Managing 7 risks of EdTech 4Dev project failure
Updated: Jul 13, 2020
The global community continues to place ambitious targets such as the Sustainable Development Goals. But, without the tools to build the capacity of all people, many of these goals will remain out of reach. And with the onset of COVID-19, it is likely, to be even further out of reach.
Education technology has the potential to transform the development sector in allowing for greater digital literacy and higher quality education, training and capacity building to reach more people. However, we are yet to harness it’s potential.
Coming out of 20 years in mainstream EdTech roles, I was surprised that in International Development, EdTech seemed to have a reputation for failed projects. Given successes in other contexts, I was really curious to understand why.
This is why we’ve been leading work to look at understanding the risks associated with EdTech4Dev and the ways that mitigate these so we can maximise educational outcomes and successes.
We have identified seven areas of risk that have contributed to EdTech project failure in the past.
A common point of project failure has been around inadequate consideration for the infrastructure that EdTech project participants will need in order to successfully participate. Projects need to plan access for participants to appropriate digital devices, internet connectivity and electrification . Matching careful infrastructure planning, partnership and management to project goals is critical to a successful project.
Human capacity/ teacher competency
All the technology in the world won’t succeed without adequate human capacity to deliver its content and full value. From digital literacy skill development to trainer competency and instructional/learning design capabilities, EdTech programs must invest in people and ensure the necessary support networks are available for ongoing success.
Ongoing technical support
Ongoing technical support is a critical component whereby there is support identified and articulated. This is especially important for first time users, where there may be a digital divide in the digital literacy and skills. This is often impacted by the lack of local technology support and services skills as well as ongoing training support. Finally, ongoing support also means consideration of the project buy-in and ownership by government education departments.
An area of risk is around the appropriate technologies, this can be mitigated by considering the most appropriate technology. Regardless of whether the technology is open source or licensed, the technologies should be maintained and there should be confidence that this will occur during the life of the project and potentially beyond this. Another consideration is whether you build or buy… Both have merits. However, these should be expanded. Finally, the course content and technologies should be appropriate to the culture, language and development context.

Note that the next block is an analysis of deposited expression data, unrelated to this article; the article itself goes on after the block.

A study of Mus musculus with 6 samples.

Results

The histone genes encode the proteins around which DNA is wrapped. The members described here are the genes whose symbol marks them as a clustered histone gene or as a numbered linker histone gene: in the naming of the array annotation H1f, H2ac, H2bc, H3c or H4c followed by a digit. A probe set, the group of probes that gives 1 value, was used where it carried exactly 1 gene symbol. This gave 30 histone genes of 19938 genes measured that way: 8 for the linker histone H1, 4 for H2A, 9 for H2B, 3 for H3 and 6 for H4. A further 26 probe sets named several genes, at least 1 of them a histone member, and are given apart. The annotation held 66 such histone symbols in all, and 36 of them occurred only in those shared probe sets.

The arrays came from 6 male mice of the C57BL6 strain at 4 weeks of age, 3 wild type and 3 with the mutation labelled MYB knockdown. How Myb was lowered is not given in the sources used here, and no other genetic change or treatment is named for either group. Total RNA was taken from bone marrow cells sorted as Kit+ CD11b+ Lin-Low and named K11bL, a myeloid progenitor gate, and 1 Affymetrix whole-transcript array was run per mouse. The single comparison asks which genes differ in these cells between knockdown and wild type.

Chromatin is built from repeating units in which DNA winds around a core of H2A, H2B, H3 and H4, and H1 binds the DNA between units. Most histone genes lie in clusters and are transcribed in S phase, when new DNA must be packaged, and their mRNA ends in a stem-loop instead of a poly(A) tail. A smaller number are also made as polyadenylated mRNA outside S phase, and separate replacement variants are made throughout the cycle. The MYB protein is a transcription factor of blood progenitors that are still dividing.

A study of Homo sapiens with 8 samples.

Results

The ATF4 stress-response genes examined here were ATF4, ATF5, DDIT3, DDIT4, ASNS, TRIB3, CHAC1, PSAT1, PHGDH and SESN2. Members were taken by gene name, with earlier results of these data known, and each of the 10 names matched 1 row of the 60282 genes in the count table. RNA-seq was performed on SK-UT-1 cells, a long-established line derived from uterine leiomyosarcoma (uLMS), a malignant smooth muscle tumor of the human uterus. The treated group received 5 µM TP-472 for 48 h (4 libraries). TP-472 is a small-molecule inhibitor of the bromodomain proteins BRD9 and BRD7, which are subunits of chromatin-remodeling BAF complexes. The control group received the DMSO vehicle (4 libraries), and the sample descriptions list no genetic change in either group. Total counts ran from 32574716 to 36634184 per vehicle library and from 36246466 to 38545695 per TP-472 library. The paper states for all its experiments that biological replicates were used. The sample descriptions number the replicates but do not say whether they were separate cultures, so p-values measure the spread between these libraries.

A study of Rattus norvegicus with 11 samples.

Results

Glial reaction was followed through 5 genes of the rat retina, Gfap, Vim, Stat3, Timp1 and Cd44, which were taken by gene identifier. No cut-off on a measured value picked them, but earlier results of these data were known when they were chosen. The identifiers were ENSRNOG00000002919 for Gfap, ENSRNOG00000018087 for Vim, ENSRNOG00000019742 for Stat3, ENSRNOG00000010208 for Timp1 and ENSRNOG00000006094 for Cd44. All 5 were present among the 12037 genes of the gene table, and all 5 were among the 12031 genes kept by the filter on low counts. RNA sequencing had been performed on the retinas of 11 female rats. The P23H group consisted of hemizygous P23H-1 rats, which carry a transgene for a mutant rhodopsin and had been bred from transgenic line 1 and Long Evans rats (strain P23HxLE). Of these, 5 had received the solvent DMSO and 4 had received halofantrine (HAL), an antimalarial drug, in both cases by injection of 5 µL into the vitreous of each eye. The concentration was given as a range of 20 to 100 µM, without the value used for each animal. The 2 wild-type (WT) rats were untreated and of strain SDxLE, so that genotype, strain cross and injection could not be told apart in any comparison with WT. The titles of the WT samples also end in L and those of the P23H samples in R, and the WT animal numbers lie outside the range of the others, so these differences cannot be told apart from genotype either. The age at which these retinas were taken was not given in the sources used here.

Design for sustainability/ scale
A feature of many EdTech4Dev projects is they are designed to meet a long-term challenge using short term fund. This means that there is a consideration around if the technologies are designed for sustainability or scale.
Child protection and safety
Consideration of the child protection issues should be a core component of any EdTech4Dev project. This is especially the case with projects responding to COVID-19. It is critical that we consider measures to ensure children are not exposed to inappropriate and harmful content. Another consideration is around putting relatively valuable mobile devices into communities. The poor management of risks to child safety and security as a result of introducing valuable assets into programs.
Evidence and research
A cycle of limited investment into building evidence and research on the efficacy of EdTech for development and its value for money, coupled with varying levels of success in development contexts, has resulted in limited long-term investments and sustainability of EdTech for development.
In order to harness the potential of educational technology in the development sector, we must consider how we address these risks to build sustainable project, achieve the outcomes, reduce the digital divide and truly harness the potential that digital technologies can bring.
About this post
We were fortunate to be invited to deliver a lighting talk at the first ever global virtual ICT4D conference that was held worldwide on May 6, 2020.
This blog post is based on that presentation.